The Senate Finance Committee on Wednesday took up two competing measures to raise money for state coffers, each offering something for both sides to hate.
A Democratic lawmaker proposed a hike in production taxes on smaller and new oil fields on the North Slope, while a top GOP lawmaker floated a sales tax.
The competing proposals surfaced as lawmakers search for a way to close the state's chronic budget shortfall.
Gov. Frank Murkowski has asked lawmakers to consider seeking voter permission to use a portion of the Alaska Permanent Fund.
Senate Majority Leader Ben Stevens, R-Anchorage, proposed a 4 percent statewide sales tax, saying such a measure had "fallen off the table" amid talk of other revenue.
"There's some large hurdles to overcome in the state of Alaska," said Rep. Mike Hawker, R-Anchorage, who chaired the committee that proposed a sales tax last session.
Many municipal governments rely on sales and property taxes to fund local budgets, and Hawker said crafting a measure that accommodates both state and local government is tough.
The House Ways and Means Committee sales tax proposal would have imposed a 3 percent state sales tax and capped total state and local sales taxes at 8 percent.
A lack of support and the complexity of the sales tax doomed the measure last session, and it never went to the floor for a vote.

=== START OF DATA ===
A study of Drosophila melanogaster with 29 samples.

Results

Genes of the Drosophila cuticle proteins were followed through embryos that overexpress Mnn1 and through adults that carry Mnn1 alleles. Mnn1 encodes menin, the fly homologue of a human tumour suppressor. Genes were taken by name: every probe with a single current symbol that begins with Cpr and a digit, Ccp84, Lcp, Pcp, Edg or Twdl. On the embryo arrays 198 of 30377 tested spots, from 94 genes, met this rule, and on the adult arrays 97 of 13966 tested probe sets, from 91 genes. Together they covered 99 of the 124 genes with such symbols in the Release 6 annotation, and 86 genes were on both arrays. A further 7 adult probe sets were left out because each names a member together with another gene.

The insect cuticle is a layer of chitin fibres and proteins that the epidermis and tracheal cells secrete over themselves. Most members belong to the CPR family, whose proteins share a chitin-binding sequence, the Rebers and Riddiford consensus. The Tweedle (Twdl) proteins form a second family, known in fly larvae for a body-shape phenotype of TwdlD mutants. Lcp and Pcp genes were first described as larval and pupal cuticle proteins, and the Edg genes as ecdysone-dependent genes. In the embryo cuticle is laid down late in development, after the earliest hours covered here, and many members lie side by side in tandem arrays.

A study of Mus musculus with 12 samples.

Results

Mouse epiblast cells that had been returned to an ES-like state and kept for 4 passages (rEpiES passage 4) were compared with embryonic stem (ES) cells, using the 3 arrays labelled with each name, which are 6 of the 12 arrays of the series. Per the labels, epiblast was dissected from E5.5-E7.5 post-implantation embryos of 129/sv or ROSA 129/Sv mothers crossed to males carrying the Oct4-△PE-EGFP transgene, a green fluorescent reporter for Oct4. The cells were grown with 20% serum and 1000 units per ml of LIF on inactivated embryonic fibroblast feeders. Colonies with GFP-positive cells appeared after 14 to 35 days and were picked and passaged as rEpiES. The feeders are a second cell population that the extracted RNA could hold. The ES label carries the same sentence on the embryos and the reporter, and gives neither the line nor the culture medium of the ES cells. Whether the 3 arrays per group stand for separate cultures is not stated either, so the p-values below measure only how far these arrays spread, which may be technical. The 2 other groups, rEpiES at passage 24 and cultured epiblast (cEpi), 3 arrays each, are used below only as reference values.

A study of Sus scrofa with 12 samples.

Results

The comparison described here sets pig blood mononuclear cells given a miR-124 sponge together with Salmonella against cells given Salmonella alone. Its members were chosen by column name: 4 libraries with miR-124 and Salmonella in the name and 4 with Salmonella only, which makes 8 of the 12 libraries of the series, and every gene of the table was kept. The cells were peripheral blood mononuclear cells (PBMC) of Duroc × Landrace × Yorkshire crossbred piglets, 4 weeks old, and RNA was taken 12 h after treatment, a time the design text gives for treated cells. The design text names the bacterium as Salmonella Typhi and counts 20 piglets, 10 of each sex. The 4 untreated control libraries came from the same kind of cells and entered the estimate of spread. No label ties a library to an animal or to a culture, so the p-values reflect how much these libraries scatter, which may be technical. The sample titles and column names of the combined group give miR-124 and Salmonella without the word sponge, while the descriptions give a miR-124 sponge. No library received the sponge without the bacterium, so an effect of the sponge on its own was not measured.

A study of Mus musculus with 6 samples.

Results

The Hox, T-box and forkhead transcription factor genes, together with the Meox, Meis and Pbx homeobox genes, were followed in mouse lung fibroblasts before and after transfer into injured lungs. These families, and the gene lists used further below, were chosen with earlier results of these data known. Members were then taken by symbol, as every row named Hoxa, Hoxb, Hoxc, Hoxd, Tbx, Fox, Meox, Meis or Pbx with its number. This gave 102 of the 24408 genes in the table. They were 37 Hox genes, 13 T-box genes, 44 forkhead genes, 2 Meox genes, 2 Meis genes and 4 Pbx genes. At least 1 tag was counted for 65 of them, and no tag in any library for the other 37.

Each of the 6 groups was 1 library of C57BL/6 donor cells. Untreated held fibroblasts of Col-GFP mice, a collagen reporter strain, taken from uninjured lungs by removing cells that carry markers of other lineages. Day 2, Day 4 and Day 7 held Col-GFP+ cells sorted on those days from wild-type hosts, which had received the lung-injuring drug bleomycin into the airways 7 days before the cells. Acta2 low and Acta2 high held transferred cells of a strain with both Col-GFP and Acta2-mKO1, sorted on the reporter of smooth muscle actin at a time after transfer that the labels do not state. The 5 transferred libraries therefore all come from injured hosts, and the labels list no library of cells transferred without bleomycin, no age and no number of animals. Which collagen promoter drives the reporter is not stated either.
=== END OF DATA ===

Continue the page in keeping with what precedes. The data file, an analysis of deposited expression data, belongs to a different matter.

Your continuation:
Stevens proposed a 4 percent state sales and use tax that would give some revenue to municipalities with their own tax.
Under the proposal, the state would collect the tax and return an additional 1 percent to those municipalities with rates higher than 3 percent.
Medical and welfare services such as food stamps and vouchers would be exempt along with utilities and other goods and services already exempt in other areas of state law.
Stevens said he also intends to cap the sales tax on major purchases at $60.
Minority Democrats have been opposed to a sales tax and, in past sessions, they have argued an income tax is more fair and supported by more Alaskans.
House Bill 470, sponsored by Democrat Rep. Carl Moses of Unalaska, would reinstitute the income tax repealed in 1980.
Senate Finance Co-Chairman Gary Wilken, R-Fairbanks, said the measure would get future hearings including a work session later this week to consider details of the bill.
"I think it has possibilities for us to discuss, compared to an income tax," Wilken said. "An income tax is dead on arrival, a sales tax is worthy of discussion."
This session, Democrats have called for a revamp of the "economic limit factor" on new and smaller oil fields.
Democrat Sen. Hollis French, D-Anchorage, said his bill would raise at least $110 million at $22 per barrel.
Currently the rate on most fields is 15 percent, but no fields are taxed at that rate because of the economic limit factor, or ELF.
Currently, there are 20 fields producing oil on the North Slope and about a dozen of them pay no production tax, French said.